High-risk newborn infants in intensive care at Kingston Health Sciences Centre (KHSC) will be the first in Canada to be monitored and evaluated for their feeding skills in a novel research initiative led by Queen's University researcher, Kimberly Dow.
Her 30-month project will study the use of a nipple-monitoring device in the neonatal intensive care unit (NICU) at KHSC's Kingston General Hospital site, with an aim of better identifying and addressing feeding difficulties in pre-term babies.
"Breast- or bottle-feeding is a key milestone that infants in the NICU must achieve before they can go home, but currently we have no precise, objective method to evaluate feeding skills in these high-risk infants," says Dr. Dow, a neonatologist and clinician-scientist at KHSC and a professor of pediatrics at Queen's University.
Over 40 per cent of infants in the NICU experience oral feeding difficulties, which can lead to a prolonged hospital stay, or long-term feeding disorders. The current clinical practice is to observe an infant's feeding performance at the bedside.
The use of a nipple monitoring device allows for more precise observation of feeding skills, and allows for more accurate treatment recommendations to be made to caregivers and new parents.
The researchers hope to monitor more than 70 infants during the four phases of the study. "Feeding skills are important for babies to grow and develop," says Dr. Sandra Fucile, an assistant adjunct professor of pediatrics at Queen's and a co-leader in the project. "Feeding is also a primary concern of parents of NICU infants. Yet it remains a poorly recognized health issue."
"The goal is to make a diagnosis more quickly and accurately," says Dr. Dow. "Ultimately, we hope that the babies will be able to be discharged home sooner and that the parents will know more about their babies' feeding habits."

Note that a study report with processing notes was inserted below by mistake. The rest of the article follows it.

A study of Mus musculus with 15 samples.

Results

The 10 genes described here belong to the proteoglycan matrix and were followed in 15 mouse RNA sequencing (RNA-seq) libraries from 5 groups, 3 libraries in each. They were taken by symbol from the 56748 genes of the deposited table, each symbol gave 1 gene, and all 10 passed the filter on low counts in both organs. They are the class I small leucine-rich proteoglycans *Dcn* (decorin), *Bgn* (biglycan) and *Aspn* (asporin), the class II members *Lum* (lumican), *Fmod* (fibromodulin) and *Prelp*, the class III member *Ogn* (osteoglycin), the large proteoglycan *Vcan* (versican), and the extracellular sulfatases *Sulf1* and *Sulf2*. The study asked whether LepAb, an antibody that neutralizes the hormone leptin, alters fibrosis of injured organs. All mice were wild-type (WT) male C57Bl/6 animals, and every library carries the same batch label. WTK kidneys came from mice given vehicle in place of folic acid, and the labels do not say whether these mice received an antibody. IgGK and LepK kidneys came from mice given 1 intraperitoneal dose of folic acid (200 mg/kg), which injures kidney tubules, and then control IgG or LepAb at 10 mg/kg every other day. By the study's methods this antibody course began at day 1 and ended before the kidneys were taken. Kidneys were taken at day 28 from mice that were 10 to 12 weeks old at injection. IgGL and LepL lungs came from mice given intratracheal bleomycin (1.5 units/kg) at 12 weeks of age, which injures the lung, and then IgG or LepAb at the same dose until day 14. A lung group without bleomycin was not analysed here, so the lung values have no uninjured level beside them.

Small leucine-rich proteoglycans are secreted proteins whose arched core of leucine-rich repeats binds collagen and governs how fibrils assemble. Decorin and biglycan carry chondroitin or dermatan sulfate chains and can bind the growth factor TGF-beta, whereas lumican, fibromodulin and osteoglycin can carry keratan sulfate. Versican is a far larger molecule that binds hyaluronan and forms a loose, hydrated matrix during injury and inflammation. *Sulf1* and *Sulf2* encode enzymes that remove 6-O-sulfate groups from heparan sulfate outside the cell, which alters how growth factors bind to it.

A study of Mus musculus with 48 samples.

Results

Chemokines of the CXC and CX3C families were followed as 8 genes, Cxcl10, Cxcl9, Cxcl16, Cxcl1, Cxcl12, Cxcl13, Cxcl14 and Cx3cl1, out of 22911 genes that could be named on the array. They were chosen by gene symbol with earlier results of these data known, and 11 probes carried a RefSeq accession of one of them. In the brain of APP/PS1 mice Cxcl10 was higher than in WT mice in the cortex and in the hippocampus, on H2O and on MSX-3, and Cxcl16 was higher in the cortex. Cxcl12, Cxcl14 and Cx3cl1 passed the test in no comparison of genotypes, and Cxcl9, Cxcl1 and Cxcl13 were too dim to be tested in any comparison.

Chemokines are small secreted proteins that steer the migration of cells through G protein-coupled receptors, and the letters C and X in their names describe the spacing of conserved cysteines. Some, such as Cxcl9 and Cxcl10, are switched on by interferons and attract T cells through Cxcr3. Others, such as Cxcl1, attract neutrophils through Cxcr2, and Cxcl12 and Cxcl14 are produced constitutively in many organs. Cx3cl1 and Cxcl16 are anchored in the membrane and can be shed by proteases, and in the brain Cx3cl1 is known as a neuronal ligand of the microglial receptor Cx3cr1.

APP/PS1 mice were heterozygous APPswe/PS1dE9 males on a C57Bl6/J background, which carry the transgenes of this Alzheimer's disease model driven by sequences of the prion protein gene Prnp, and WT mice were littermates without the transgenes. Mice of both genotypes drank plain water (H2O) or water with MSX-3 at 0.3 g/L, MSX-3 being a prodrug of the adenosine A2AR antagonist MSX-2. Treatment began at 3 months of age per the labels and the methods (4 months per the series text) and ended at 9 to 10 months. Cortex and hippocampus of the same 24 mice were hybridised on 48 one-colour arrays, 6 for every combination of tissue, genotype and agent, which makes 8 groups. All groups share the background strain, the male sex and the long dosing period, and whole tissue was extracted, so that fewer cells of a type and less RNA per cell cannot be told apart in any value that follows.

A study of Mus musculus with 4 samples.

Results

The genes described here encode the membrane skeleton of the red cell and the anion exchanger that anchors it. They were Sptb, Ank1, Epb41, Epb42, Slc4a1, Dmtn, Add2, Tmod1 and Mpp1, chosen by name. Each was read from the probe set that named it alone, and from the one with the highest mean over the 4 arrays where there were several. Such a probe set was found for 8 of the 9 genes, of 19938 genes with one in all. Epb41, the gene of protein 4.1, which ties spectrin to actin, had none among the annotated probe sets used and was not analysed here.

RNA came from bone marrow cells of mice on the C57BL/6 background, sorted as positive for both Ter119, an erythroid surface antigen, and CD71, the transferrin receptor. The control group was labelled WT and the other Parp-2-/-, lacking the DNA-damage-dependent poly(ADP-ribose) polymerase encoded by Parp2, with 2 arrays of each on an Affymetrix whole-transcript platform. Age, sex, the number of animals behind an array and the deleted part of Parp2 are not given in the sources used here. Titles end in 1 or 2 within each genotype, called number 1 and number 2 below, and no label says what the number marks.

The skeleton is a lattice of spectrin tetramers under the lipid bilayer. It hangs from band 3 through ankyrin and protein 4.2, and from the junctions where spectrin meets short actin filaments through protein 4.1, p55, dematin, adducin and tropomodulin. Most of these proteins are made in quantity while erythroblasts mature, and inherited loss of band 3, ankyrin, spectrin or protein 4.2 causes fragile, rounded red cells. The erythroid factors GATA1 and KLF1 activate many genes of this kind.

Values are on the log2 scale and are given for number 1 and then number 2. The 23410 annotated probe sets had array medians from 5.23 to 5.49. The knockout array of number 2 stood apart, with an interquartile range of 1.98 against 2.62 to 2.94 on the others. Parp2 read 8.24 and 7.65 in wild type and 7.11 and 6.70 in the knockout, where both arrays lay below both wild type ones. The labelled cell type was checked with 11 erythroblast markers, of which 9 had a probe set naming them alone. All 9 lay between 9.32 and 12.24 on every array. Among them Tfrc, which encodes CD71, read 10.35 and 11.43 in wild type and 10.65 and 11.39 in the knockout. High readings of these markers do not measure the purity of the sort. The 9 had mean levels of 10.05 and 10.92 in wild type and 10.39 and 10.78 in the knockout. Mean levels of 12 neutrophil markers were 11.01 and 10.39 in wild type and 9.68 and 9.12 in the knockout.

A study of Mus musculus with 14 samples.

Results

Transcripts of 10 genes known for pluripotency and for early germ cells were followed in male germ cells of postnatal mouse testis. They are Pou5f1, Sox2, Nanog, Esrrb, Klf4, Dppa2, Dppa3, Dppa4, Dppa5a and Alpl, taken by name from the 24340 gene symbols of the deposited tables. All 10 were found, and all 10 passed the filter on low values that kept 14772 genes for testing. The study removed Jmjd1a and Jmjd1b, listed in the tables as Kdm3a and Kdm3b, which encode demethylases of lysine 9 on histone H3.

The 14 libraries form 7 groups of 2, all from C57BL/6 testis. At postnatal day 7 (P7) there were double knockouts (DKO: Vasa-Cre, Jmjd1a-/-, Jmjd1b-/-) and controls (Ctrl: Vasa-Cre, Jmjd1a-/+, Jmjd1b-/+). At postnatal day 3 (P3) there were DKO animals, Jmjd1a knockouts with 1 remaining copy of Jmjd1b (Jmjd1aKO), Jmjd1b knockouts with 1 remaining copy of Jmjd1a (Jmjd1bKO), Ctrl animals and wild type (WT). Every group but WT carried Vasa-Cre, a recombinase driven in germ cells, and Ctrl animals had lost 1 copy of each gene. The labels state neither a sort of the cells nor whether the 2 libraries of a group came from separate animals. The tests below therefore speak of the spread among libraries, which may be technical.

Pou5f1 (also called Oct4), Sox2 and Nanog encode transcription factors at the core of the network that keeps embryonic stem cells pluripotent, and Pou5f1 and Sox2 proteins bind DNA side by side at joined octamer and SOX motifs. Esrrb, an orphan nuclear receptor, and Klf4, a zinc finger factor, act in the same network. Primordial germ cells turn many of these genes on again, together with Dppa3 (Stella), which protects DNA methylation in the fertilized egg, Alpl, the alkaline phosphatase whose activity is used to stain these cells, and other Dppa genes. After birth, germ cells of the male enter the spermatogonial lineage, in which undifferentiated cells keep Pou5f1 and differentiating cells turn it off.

Right now, similar devices are used in hospitals in the United States as research tools. Dr. Dow and her team will translate the device from a research tool into a bedside diagnostic tool.
This innovative approach has been recognized by University Hospitals Kingston Foundation, which has just named Dr. Dow the inaugural recipient of a research award from its newly launched Innovation Fund. The fund provides seed money for innovative practices that improve, develop, or expand treatment options for patients, clients, and residents of Kingston's hospitals.
"This is a wonderful example of bedside research with potential for better treatments for infants, enhanced knowledge for clinicians, and greater peace of mind for parents," says Roger Deeley, Vice-Dean of Research, Faculty of Health Sciences, Queen's University, and Vice President, Health Sciences Research, KHSC. "We congratulate Dr. Dow and her team on their innovative application of this research tool for a neonatal critical care environment."